The Buck Buchanan Award, which honors the defensive player of the year in the FCS, is named for Junious "Buck" Buchanan, the NAIA All-American and Pro Football Hall of Fame defensive lineman who played for Grambling State University from 1959 through 1962. The winner is chosen by a nationwide panel of sports information and media relations directors, broadcasters, writers and other dignitaries from the division.

As a freshman, Buchanan came to Grambling on an "if" scholarship, to receive financial help if he played well. After a season of playing both varsity basketball and football, Buchanan decided to concentrate solely on football. By the time he finished four years at Grambling, his coach, Eddie Robinson, asserted that Buchanan was "... the finest tackle I have ever seen."

The American Football League's Dallas Texans, who would soon become the Kansas City Chiefs, agreed with Robinson. They engineered a trade with the last-place Oakland Raiders for the first pick in the AFL draft. With this pick, they bypassed Heisman Trophy winner quarterback Terry Baker of Oregon State and chose the little-known Buchanan. Buchanan elected not to wait for the NFL draft, and signed with the Texans the next day. "At the time, I was the first player from a small black school drafted in the first round," stated Buchanan. "It said a lot for the Gramblings, the Prairie Views and all the other black colleges. It was important for me to be picked in that round, at the very beginning."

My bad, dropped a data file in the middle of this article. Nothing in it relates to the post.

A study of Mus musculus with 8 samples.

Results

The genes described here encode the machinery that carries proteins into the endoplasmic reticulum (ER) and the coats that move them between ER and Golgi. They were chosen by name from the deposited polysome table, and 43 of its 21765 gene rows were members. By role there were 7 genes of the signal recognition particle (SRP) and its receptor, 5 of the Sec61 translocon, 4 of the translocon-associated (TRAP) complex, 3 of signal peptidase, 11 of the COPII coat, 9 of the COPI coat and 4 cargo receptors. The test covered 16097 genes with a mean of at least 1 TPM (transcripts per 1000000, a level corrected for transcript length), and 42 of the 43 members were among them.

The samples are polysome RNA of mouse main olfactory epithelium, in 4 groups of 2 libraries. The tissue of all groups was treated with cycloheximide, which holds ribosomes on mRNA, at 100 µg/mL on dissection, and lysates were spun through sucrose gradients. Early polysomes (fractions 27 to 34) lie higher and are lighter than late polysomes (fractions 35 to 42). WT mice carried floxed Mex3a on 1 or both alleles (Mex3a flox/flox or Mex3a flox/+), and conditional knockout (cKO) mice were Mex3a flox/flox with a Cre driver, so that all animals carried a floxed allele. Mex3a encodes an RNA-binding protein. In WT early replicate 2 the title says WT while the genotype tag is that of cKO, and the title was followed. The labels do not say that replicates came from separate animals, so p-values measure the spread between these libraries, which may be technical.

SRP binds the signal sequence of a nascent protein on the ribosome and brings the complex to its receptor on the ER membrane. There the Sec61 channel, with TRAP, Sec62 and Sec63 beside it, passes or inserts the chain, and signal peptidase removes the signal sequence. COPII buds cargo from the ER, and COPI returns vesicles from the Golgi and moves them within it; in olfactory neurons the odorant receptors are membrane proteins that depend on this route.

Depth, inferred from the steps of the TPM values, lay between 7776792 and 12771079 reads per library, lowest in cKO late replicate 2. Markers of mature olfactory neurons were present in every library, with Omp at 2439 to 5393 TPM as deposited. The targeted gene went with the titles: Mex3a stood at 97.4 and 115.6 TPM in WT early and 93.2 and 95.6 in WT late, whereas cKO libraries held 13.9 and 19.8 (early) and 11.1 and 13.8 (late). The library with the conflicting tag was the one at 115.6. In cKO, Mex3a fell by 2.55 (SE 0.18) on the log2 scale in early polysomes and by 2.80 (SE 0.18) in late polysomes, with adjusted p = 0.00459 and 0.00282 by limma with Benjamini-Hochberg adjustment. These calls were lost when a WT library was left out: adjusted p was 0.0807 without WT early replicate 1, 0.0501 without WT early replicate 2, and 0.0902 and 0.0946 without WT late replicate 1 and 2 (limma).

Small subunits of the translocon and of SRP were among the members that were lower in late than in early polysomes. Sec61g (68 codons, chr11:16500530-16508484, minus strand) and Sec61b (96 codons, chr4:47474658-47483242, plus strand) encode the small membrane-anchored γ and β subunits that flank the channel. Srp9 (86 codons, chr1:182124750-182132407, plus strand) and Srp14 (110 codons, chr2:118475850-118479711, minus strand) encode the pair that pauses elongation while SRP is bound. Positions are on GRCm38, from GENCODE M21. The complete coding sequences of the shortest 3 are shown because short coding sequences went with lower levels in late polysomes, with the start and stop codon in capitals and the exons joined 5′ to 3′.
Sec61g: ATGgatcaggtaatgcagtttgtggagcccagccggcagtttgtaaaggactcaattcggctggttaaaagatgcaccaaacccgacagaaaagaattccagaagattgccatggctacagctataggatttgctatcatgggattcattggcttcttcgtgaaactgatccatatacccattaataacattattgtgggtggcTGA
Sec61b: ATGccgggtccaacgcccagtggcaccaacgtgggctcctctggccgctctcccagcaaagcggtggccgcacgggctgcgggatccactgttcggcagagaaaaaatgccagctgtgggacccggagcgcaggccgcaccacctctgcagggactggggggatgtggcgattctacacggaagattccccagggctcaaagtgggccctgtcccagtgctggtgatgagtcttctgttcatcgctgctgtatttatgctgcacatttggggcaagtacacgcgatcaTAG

Standing 6-foot-7 and weighing 287 pounds, Buchanan became the prototype for the future professional lineman. He combined size, speed and outstanding strength, along with an intense work ethic, to become one of the greatest defensive tackles of all time. Twice chosen as the Chiefs' MVP, Buchanan missed only one game due to injury in his 13-year career. Following his second pro season, Buchanan began a streak of eight straight years in which he was named to either the AFL All-Star Team or the NFL Pro Bowl. He helped lead the Chiefs to two AFL titles and was instrumental in the Chiefs' victory over the heavily favored Minnesota Vikings in Super Bowl IV. Buchanan is a member of the NAIA, the Kansas City Chiefs and Pro Football Halls of Fame. He was selected to the NFL's All-Time Roster, indicative of his standing as one of the greatest football players of all time. Buchanan died of cancer July 16, 1992. His uniform number, 86, was retired by Kansas City in 1992.